I too work for a nursing home and have learned how to efficiently pass meds. I work the PM shift and have about an hour to prepare for my med pass before meal time. I just prioritize. Who needs to be medicated first (pain, diabetic, bed/chair bound, etc.), then I move on to my ambulatory residents (It's hard to keep up with them while they are wandering about. When I clock-in, I get report, count NARC's, make my rounds to assess my residents so I know who needs meds first. Then I start my hour of prep restocking my med cart with my essentials and checking my charts for any treatments or issues that need my attention. It used to take me about 2 hours to pass meds and now I have narrowed it down to an hour and a few minutes depending on the residents that evening. When you learn what your resident likes and requires you will be able to make it happen faster, as well as build a relationship with them. I love it now when my residents tell me "Good night, I love you!" or when the ones who don't speak just want a hug. I know that I have done my job right.
Organization is key. Each shift makes sure the cart is stocked for the next...that helps a ton! Might need to get fresh ice or supplements etc but the basic supplies are there. Still...I will check it over and make sure I have everything I need...iv supplies, otc meds, syringes etc.
Find out what the general pattern is for most of the residents. I work 3-11. Get report, do a general check/ scan of the residents, check the fax machine for labs/ order and get started. With you general scan, you can get an idea of any problems that need addressed like pain, change of conditions, dressings that might need changed sooner than later in the shift etc. You also get an idea of where the residents are or where they might be going (therapy, activities etc) and can give them their meds accordingly I will also eyeball and ask the residents if they are going back to their rooms for dinner etc.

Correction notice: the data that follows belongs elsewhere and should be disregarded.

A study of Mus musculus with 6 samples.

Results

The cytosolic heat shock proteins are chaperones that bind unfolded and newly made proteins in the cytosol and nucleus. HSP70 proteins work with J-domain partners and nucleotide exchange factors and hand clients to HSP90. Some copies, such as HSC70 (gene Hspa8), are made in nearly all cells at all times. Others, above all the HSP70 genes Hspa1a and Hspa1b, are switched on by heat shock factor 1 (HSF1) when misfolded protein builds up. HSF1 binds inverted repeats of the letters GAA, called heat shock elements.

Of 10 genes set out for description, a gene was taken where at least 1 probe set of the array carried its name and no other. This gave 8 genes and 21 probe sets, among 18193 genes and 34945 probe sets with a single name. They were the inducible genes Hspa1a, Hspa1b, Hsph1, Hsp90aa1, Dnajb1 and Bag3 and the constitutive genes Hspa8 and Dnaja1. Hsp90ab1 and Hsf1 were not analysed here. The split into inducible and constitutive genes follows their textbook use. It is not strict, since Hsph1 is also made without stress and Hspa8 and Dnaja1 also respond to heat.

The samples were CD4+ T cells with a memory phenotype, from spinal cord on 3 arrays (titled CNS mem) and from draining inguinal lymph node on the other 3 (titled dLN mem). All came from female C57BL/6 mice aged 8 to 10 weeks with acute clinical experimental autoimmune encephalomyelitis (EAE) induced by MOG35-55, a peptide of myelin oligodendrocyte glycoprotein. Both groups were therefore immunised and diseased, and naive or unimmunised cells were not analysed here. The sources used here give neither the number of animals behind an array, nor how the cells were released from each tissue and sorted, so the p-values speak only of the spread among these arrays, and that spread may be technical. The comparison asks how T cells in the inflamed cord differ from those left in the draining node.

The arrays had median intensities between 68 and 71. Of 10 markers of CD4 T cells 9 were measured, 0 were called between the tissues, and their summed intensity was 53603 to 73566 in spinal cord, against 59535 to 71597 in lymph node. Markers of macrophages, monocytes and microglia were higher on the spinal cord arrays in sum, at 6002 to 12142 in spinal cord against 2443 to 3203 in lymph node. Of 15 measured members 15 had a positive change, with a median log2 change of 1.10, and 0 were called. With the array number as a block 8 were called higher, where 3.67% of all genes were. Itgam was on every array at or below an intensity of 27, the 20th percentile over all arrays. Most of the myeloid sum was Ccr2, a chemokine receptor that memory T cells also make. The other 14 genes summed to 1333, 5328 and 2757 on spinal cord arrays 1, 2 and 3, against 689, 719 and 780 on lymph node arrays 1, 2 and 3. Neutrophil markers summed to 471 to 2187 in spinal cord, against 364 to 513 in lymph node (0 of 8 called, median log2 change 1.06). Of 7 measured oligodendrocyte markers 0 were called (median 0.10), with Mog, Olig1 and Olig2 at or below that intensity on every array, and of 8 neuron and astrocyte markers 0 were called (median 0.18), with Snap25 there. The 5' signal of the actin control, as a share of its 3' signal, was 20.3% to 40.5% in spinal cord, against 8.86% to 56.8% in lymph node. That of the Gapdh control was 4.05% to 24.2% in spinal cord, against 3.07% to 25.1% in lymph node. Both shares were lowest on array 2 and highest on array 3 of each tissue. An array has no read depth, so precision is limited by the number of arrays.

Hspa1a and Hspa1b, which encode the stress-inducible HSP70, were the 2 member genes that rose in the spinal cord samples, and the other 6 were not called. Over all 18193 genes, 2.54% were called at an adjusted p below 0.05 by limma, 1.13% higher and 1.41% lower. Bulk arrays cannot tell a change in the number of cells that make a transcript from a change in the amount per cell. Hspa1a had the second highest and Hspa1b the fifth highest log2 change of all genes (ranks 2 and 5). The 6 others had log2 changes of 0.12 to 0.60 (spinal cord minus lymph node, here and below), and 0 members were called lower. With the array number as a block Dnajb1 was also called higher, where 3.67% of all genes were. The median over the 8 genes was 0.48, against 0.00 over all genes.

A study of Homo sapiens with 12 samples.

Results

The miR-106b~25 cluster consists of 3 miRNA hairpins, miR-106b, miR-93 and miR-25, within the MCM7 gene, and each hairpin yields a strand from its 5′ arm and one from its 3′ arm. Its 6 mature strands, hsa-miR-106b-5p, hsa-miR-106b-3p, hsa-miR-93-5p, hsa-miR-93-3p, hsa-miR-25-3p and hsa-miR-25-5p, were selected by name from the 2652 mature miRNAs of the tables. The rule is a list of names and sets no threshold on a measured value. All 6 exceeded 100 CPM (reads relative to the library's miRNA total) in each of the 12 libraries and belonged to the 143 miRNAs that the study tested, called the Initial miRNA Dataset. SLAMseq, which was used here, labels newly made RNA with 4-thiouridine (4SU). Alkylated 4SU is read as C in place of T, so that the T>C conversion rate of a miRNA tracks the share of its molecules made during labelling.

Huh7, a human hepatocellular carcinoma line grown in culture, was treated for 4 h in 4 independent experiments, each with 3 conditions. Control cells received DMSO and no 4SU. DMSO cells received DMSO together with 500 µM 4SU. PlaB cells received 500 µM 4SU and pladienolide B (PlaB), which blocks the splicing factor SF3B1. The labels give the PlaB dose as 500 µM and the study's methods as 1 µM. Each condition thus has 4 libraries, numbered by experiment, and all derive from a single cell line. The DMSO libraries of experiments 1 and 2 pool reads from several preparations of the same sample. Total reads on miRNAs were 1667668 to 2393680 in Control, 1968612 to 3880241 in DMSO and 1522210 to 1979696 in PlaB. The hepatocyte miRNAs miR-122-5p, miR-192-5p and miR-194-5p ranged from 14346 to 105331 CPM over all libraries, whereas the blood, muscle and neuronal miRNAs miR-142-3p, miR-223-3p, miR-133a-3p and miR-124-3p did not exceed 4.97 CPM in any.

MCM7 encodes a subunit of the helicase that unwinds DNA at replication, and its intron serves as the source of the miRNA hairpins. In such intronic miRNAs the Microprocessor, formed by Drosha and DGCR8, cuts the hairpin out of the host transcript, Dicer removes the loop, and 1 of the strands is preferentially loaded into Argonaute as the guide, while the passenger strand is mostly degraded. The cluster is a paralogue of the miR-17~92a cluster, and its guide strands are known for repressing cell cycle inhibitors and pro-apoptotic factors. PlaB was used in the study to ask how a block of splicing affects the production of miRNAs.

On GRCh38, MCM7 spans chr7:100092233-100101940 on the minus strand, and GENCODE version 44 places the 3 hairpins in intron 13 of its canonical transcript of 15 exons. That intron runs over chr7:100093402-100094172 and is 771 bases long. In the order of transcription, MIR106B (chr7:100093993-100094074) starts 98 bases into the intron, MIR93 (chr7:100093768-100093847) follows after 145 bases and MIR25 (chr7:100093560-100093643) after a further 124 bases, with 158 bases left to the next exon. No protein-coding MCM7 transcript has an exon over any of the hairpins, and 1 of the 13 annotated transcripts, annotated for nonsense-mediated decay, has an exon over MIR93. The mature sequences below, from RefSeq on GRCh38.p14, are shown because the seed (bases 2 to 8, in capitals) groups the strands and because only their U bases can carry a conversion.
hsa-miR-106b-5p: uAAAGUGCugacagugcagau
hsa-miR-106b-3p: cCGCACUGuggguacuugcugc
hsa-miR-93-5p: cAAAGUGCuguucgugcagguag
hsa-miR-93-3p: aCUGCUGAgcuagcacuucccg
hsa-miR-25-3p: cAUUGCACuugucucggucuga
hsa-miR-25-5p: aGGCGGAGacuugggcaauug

For me..I get the folks around the desk first and the ones coming and going to activities/ dinner. I try and get the diabetics in this time too. Next, I start down the hall since those people will be staying in the rooms. I do the ones with feeding tubes last.
Keep a list on your cart of any issues that you need to address after the med pass, bring along a reorder sheet for meds and add to it as you go along. Try to minimize distractions (not always able to..call bells, doc and family calls)
Ask the other nurses what works best for them..might not work for you, but it gives you an idea.
More of the same: Organize the needs of your patients. I also work 3-11 and the first med pass (supper) is the most trying. There are the doc calls, getting res up for dinner/activities, etc... As in earlier posts, I do those in pain first, and diabetics then tube feeders are last. It does get easier. Have patience and have a cheat sheet with you so you know who takes their meds crushed or whole, etc...I wish you luck!